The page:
Records Retention

By Kenneth H. Bridges, CPA, PFS     February 2016

“How long do I need to keep our old tax returns and related documents?”  This is a question I get often; and it is a simple question for which there is no simple answer.

The general rule is that the IRS has up until three years after you file an income tax return to examine it and assess additional tax for that year.  For example, if you filed your 2012 return on August 24, 2013, the IRS has up until August 24, 2016 to assess additional tax with respect to your 2012 return.  So, in this example, you should clearly retain a copy of your returns and all supporting documentation for years 2012 and forward until at least August 24, 2016.

There are a number of exceptions to this general 3-year rule. The statute of limitations is extended to 6 years if there is a “substantial omission of income” (defined as 20% of income),  the statute of limitations can be extended by consent, the statute can remain open with respect to Schedule K-1 items until the statute runs with respect to the related entity return, and the statute never begins to run if you did not file a return for a tax year or filed a fraudulent return for the year. Accordingly, it is conceivable that IRS could request copy of a return (and related documentation) from many years back (and/or evidence you filed such), and if that happened having a copy of return from 10 years or so ago could be helpful.  However, as a practical matter, it is highly unusual for the IRS to commence examination of a return more than three years after it is filed.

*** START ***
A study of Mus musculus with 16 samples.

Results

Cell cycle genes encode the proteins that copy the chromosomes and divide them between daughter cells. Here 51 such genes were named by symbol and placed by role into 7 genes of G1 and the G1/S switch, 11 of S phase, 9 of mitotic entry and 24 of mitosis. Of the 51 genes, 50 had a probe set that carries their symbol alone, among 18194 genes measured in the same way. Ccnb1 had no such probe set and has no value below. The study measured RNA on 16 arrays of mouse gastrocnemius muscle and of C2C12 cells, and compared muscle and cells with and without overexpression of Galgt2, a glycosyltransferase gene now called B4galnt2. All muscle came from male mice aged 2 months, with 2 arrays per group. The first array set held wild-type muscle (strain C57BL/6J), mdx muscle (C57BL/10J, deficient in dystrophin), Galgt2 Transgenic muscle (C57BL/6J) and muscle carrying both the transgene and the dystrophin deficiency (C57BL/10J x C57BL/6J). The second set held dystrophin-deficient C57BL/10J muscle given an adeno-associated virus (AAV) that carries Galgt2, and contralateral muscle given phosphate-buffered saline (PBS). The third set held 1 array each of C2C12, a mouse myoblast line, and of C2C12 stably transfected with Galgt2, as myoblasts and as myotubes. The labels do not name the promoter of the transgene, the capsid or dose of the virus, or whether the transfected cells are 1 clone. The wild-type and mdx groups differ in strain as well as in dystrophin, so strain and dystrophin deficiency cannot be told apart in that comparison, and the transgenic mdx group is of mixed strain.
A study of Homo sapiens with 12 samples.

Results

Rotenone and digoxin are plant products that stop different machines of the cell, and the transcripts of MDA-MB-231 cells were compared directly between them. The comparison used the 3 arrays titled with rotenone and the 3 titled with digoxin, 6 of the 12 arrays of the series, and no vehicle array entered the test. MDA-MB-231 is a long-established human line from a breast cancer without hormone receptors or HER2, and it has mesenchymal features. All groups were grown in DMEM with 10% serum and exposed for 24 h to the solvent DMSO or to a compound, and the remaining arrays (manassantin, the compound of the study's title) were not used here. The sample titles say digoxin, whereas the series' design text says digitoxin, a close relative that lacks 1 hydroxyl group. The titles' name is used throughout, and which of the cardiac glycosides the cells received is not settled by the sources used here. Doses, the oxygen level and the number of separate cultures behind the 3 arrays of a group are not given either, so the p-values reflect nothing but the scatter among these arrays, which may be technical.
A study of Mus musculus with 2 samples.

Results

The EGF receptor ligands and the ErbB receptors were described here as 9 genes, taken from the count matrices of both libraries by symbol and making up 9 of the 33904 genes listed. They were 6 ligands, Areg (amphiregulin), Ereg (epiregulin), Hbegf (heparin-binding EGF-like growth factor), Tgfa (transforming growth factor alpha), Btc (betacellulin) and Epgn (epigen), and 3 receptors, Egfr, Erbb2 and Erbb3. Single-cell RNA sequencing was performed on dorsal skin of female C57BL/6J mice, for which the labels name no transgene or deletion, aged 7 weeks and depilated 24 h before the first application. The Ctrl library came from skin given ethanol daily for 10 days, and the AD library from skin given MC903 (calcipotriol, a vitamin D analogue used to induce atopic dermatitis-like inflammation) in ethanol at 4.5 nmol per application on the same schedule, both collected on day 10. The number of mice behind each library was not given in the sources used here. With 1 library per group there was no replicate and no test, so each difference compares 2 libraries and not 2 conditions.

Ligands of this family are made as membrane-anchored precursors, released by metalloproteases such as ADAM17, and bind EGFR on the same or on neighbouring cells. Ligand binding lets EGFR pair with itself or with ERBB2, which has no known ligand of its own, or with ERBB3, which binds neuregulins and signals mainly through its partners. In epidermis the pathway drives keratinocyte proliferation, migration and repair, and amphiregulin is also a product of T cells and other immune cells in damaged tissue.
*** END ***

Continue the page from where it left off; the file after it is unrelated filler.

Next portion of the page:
State taxing authorities may request a return or other information from many years back when they believe someone has been residing in the state or deriving revenue from the state but not filing there. This can particularly be an issue for multi-state businesses.

Documents pertaining to the purchase of a significant asset (e.g. closing statement from the purchase of a home) and any significant improvements thereto should be saved until at least 3 years after you file your income tax return for the year of sale of the asset.

Kenneth H. Bridges, CPA, PFS is a partner with Bridges & Dunn-Rankin, LLP an Atlanta-based CPA firm.

This article is presented for educational and informational purposes only, and is not intended to constitute legal, tax or accounting advice.  The article provides only a very general summary of complex rules.  For advice on how these rules may apply to your specific situation, contact a professional tax advisor.